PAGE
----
During the past two weeks, between Great Britain and France, there has been a unified agreement that Europe, and the West in general, is facing a serious problem concerning political correctness and healthy adversity. As a student in France, I have made it my goal to understand the francophone approach to complicated and alarming issues such as islamophobia and extremism. However, with French citizens joining ISIS forces in Syria, Jewish families revoking their French citizenship in favor of claiming right of return, and the recent act of aggression at Charlie Hedbo resulting in twelve casualties, understanding is becoming more difficult. Questions of political correctness now hold human lives in the balance. Questions of whether political correctness undermines honest debate is an inquiry of striking importance when contextualized in the problems of the contemporary world.
Although multiculturalism and constructivism are significant factors within the structures of how knowledge is formed and discussed, silencing the privileged, offensive ideas, or Western axioms in debate hinders true discussion. Furthermore, I have witnessed a serious lack of understanding in relation to the services satirical magazines provide society. Especially in France, satire is not only a method for exposing the wrongdoings of governments, religions, and individuals, but satire is obligated to display aggressive, offensive, disturbing humor. This is the country where Voltaire first penned Candide, one of the most essential philosophical and satirical works in all of human history. Certainly when he used the Juvenal, or volatile, biting and brutal form of satire, to criticize kings and ideals, there were those who disagreed. However, it is the role of these magazines to be contrarians to every type of institution and idea accepted by society, especially within French culture.
This is not to assert that racism is fine so long as it is provided by a satirical point of view. In fact, this idea is completely separate from a fierce cultural defense of a censor-free society. Particularly, in the classroom, political correctness must be set aside by each student now more than ever. It is academia’s place to question the justification of morals and values and their contextual ideologies, even if that method is hurtful. The university is not intended to clarify any feeling-based value, but rather exists to distrust accepted beliefs and ideas. The humanist must separate beliefs and ideas into falsifiable notions that can be used to combat censorship and acts of violence equally. When students separate themselves from the collective to which they normally identify, actual solutions can be discussed and created. To place participants in a classroom or a democracy on unequal footing because of race, gender or religion, removes the point of both.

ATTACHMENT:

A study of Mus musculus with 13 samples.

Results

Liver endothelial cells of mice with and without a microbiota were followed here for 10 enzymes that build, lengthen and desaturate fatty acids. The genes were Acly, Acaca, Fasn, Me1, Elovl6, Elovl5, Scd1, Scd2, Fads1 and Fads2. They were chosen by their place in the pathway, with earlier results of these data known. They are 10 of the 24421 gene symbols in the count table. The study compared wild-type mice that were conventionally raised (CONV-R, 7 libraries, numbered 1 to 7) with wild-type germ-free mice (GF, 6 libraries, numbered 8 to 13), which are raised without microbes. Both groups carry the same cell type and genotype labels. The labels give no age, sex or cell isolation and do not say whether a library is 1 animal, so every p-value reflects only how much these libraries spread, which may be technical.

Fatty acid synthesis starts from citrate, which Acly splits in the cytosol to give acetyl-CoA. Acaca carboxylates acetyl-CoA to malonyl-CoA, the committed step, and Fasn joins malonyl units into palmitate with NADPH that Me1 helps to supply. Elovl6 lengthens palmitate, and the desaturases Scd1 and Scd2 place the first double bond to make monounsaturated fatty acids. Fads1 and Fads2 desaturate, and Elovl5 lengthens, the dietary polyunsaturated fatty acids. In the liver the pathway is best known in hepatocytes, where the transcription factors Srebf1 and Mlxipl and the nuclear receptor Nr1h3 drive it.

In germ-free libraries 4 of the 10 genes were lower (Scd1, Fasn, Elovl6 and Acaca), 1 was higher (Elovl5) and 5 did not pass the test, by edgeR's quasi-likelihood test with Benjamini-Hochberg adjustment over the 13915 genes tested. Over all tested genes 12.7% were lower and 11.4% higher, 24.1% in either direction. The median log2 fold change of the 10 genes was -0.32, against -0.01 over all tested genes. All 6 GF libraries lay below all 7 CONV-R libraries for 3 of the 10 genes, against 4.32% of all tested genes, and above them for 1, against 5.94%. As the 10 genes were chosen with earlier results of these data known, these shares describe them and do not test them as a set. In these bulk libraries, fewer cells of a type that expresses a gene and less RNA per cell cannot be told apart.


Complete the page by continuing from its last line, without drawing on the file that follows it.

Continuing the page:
When attempting to make sense of the acts of violence in France and around the world concerning race, religion or gender, classrooms desperately require the type logic used in nineteenth century cricket: both laypeople and gentlemen engaged in matches against one-another despite difference in class in order to provide a rousing game. Imagine if the layperson players were given advantages from penalties gone unpunished in the previous match. When a minority or a majority is given more or less of a voice in the debate, it throws every participant’s personhood into question and creates future misunderstanding and even animosity. Although other cultures and ideas must be explored through the most thorough and equal means possible, it is unrealistic to approach history or philosophy without open, at times offensive or humorous discussion of transcendent ideas.
Despite the idea that grave inequalities in the past cause contemporary problems, avoiding any debate that may be deemed offensive or privileged is a detriment to honest progression in academia and, ultimately, the future of the international community. In complex, and increasingly violent times, society must embrace diversity, offensiveness and honest debate. As expressed by the late Charlie Hedbo Officiel, “Without humor we are all dead.”